From the editor…
As an avid Radio National listener, I had to do an Orwellian double-think yesterday morning as I was making my tea and listening to ‘Breakfast’. Gordon Brown, heading into an election, wants to be seen as ‘a man for the future, looking ahead rather than dwelling on the last 13 years’.
Only a few days ago, I was listening to another RN program, ‘Future Tense’, about the Australian Policy and History Network — a new organisation with the ambition of linking historians with politicians an policy makers by ‘Linking the past with the present for the future‘. I dare say that from Mr Brown’s campaign slogan he’d rather not link the past with the present, and would rather voters forgot the moats, duck-pond follies and other financial rorts — oh, and the small matter of the GFC — and look into the gleaming future: a future of new, wondrous architectural
follies achievements and ‘the best Olympic Games ever!’ Let’s say (reading between the lines of his campaign slogan) he’d rather historians kept their pesky hands off the past (and the present, for that matter!) and focus on a future under the splendid rose of New Labour. (No comments about Blake’s poem, please.)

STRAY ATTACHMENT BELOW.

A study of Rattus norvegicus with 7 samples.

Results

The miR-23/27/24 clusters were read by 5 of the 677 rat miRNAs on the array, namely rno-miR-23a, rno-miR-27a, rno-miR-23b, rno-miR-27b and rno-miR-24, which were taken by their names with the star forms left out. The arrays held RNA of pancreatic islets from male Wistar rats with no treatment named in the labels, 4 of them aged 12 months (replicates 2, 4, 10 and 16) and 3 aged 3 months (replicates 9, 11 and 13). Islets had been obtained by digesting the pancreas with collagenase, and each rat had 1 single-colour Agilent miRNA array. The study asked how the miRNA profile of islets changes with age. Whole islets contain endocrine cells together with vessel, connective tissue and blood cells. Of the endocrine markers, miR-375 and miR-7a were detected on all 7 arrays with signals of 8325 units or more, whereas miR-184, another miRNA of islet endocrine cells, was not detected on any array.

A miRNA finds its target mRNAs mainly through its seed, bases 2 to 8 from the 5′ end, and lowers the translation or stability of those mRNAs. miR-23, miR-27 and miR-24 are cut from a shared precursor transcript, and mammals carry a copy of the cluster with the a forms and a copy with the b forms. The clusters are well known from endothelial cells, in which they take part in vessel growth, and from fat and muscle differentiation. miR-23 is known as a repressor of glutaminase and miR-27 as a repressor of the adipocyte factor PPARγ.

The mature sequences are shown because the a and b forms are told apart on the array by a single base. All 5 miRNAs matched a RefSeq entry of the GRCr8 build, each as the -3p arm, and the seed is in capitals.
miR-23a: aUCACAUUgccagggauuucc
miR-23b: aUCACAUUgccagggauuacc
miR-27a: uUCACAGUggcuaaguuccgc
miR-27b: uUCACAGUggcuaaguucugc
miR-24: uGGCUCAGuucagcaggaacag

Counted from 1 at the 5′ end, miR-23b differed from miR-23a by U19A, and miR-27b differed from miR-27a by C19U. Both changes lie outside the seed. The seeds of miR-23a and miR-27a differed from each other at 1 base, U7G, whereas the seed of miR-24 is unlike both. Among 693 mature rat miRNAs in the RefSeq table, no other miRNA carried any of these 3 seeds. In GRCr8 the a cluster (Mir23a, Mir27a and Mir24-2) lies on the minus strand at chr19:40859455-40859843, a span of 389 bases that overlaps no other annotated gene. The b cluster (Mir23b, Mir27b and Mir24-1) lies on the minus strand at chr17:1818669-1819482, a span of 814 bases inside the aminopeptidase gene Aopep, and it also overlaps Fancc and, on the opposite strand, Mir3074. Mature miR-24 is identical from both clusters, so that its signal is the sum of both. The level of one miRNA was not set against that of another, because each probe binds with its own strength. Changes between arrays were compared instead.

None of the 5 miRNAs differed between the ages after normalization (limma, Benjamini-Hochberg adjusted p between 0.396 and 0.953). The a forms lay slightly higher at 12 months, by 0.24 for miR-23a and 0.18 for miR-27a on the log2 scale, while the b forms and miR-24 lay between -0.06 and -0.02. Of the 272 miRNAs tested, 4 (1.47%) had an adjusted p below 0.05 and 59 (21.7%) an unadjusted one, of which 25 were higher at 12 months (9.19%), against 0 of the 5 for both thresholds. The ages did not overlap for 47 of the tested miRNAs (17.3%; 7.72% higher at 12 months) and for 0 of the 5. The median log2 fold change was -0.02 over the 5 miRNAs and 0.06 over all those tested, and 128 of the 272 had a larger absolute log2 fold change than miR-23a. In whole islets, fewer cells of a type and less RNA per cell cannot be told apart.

But before I digress…
The point of this post was to let you know about the innovative work being done at the Australian Policy and History website. Their brief, as stated on their website, is as follows:
Australian Policy & History aims to provide policy-makers, the media and the general public with relevant, accessible information about the historical background to current events and issues. We connect historians with those making and commenting on public policy, so that the insights gained from the past can be used to inform decision-making in the present, leading to better outcomes in the future.
And to let you know that they are calling for network members, contributions, and are offering grants for contributors and early career historians.
The website for the Network is www.aph.org.au
And the story about the Australian Policy and History network can be found at Radio National’s Future Tense website.
Views expressed by the editor do not necessarily reflect the position of the School of Philosophical and Historical Inquiry.